The Mine Tramway

The Great Laxey Mine was formed on a mineral deposit known as a lode which runs in a north-south direction beneath the Glen Mooar Valley, a tributary of the main Laxey Valley. The workings eventually extended to a depth of 2200 feet underground. As a comparison, the height of Snaefell, the Islands only mountain, is 2036 feet.

The main shafts were the Engine Shaft which contained the pumps connected to the Lady Isabella waterwheel; the Welsh Shaft which contained the Man Engine, a water powered lift installed in 1881 use to lower and raise the miners into and out of the mine, and the Dumbell's shaft, which was the deepest at the mine.

Underground a labyrinth of workings and levels extended outwards from the shafts along the mineral vein. The most important level was known as the Adit which entered the hillside below the Laxey Wheel and extended for nearly 1½ miles, connecting in turn with each of the main shafts.  A tramway, dating to 1823, ran the entire length of the Adit and was used to carry the mined ores out of the mine.

At first, a single wagon was pushed by hand but in 1827 a pony was purchased.  Over the years, as the Adit and tramway were extended, additional wagons and ponies were added. By the 1870's huge quantities of ore were being mined. In the six months prior to August 1873, 27,528 wagons of ore were brought out of the mine on the tramway, equivalent to 177 a day. This meant that each of the nine horses now used on the tramway brought nearly 20 loaded wagons of ore out of the mine each day.  Shortly afterwards, it was decided to replace the horses with steam locomotives.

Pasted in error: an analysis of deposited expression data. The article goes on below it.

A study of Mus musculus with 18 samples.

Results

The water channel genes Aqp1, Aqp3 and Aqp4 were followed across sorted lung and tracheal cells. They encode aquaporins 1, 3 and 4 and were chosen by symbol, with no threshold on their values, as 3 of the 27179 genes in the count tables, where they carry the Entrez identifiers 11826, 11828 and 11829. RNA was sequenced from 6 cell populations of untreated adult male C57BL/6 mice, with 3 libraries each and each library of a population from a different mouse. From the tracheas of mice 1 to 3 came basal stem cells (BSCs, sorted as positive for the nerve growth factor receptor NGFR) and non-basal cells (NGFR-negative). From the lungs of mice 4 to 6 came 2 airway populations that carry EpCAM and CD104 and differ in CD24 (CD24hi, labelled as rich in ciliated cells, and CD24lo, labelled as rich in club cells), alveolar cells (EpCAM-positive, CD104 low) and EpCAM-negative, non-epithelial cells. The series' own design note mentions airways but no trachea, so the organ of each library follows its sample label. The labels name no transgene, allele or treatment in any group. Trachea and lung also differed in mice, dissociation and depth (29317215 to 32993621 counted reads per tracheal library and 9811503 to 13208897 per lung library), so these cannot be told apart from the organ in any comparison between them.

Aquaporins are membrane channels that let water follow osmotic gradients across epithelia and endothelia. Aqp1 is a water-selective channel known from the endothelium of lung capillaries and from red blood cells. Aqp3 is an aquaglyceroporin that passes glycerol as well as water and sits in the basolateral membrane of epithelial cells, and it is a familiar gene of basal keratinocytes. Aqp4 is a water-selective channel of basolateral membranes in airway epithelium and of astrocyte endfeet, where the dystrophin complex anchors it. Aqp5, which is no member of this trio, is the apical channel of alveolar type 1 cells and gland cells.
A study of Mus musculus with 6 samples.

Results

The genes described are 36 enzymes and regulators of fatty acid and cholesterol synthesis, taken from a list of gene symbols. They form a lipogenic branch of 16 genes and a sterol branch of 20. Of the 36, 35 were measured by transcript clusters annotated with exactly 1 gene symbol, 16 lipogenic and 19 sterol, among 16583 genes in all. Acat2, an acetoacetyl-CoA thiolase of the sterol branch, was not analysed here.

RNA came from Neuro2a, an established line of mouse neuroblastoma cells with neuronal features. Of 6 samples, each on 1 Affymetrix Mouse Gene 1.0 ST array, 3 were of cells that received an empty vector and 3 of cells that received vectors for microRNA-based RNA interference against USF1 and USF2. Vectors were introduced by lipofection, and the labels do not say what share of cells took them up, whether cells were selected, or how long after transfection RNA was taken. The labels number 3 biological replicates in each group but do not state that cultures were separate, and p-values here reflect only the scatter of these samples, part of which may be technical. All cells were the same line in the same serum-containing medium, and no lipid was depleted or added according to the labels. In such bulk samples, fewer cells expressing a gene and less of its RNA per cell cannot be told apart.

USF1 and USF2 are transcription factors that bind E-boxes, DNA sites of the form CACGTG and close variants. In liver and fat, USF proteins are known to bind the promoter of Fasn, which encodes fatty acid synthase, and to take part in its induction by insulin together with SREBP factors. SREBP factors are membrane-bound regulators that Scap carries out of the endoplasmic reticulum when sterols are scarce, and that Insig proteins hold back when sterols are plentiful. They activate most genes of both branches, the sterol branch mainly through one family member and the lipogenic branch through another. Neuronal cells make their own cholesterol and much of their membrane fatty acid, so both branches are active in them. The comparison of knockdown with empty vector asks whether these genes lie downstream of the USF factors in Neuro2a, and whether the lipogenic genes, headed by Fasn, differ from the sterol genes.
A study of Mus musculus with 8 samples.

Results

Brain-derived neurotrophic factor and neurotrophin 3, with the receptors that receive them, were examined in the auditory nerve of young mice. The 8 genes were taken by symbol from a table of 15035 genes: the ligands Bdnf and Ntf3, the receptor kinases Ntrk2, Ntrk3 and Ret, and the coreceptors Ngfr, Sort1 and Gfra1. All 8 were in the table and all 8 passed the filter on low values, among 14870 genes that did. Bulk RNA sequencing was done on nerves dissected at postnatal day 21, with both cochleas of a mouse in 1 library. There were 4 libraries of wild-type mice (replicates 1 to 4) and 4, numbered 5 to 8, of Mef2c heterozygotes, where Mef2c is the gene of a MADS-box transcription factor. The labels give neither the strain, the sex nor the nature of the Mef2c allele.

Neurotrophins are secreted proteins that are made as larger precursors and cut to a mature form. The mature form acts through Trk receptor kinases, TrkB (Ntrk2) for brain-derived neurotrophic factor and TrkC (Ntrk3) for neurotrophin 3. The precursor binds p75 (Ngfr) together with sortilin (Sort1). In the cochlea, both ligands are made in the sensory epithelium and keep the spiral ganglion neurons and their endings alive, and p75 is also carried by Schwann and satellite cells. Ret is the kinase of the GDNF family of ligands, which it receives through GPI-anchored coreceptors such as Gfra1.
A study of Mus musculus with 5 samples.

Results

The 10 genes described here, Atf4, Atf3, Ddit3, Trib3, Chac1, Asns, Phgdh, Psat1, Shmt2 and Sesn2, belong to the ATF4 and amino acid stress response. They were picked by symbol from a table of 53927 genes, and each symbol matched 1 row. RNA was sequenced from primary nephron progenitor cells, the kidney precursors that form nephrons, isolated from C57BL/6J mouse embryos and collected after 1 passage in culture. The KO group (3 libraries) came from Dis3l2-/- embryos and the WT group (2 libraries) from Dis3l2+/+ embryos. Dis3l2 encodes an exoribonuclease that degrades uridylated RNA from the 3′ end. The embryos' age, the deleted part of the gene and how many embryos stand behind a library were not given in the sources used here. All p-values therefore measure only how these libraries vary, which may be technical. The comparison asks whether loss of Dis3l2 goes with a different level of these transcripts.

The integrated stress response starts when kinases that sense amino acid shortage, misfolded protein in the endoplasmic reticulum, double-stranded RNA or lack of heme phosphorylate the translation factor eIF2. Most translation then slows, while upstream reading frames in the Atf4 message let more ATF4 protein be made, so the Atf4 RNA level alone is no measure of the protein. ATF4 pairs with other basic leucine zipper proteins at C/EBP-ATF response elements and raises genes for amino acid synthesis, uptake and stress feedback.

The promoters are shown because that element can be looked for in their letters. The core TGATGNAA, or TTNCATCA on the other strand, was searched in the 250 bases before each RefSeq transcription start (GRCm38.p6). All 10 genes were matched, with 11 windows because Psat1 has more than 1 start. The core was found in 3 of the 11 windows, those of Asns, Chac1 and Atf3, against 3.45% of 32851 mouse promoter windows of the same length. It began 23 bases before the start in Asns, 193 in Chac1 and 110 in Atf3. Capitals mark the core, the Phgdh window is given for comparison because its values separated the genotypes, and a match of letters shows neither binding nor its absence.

One potential problem was that the smoke from steam engines would fill the mine. In order to find out if this would happen in practice, bonfires were lit in the Adit level and kept burning for several days.  The results were acceptable (at least by the standards of the time!) and two small steam locomotives were ordered. Named Ant and Bee, they were constructed to the unusual gauge of 19 inches by Stephen Lewin, of Poole, Dorset and were delivered to the mine in April, 1877. By 1905, following continual intensive use, they both were worn out. Quotations for replacements were obtained from several manufacturers including Kerr Stuart and W G Bagnall Ltd.  However, the cost proved to be prohibitive and both engines were refurbished and fitted with new boilers supplied by W G Bagnall Ltd.

Following closure of the mine in 1929, Ant and Bee were locked away in the engine shed for several years before being cut up for scrap in 1935. The surface section of the tramway was ripped up although the rails and sleepers still remain in situ underground along the length of the Adit.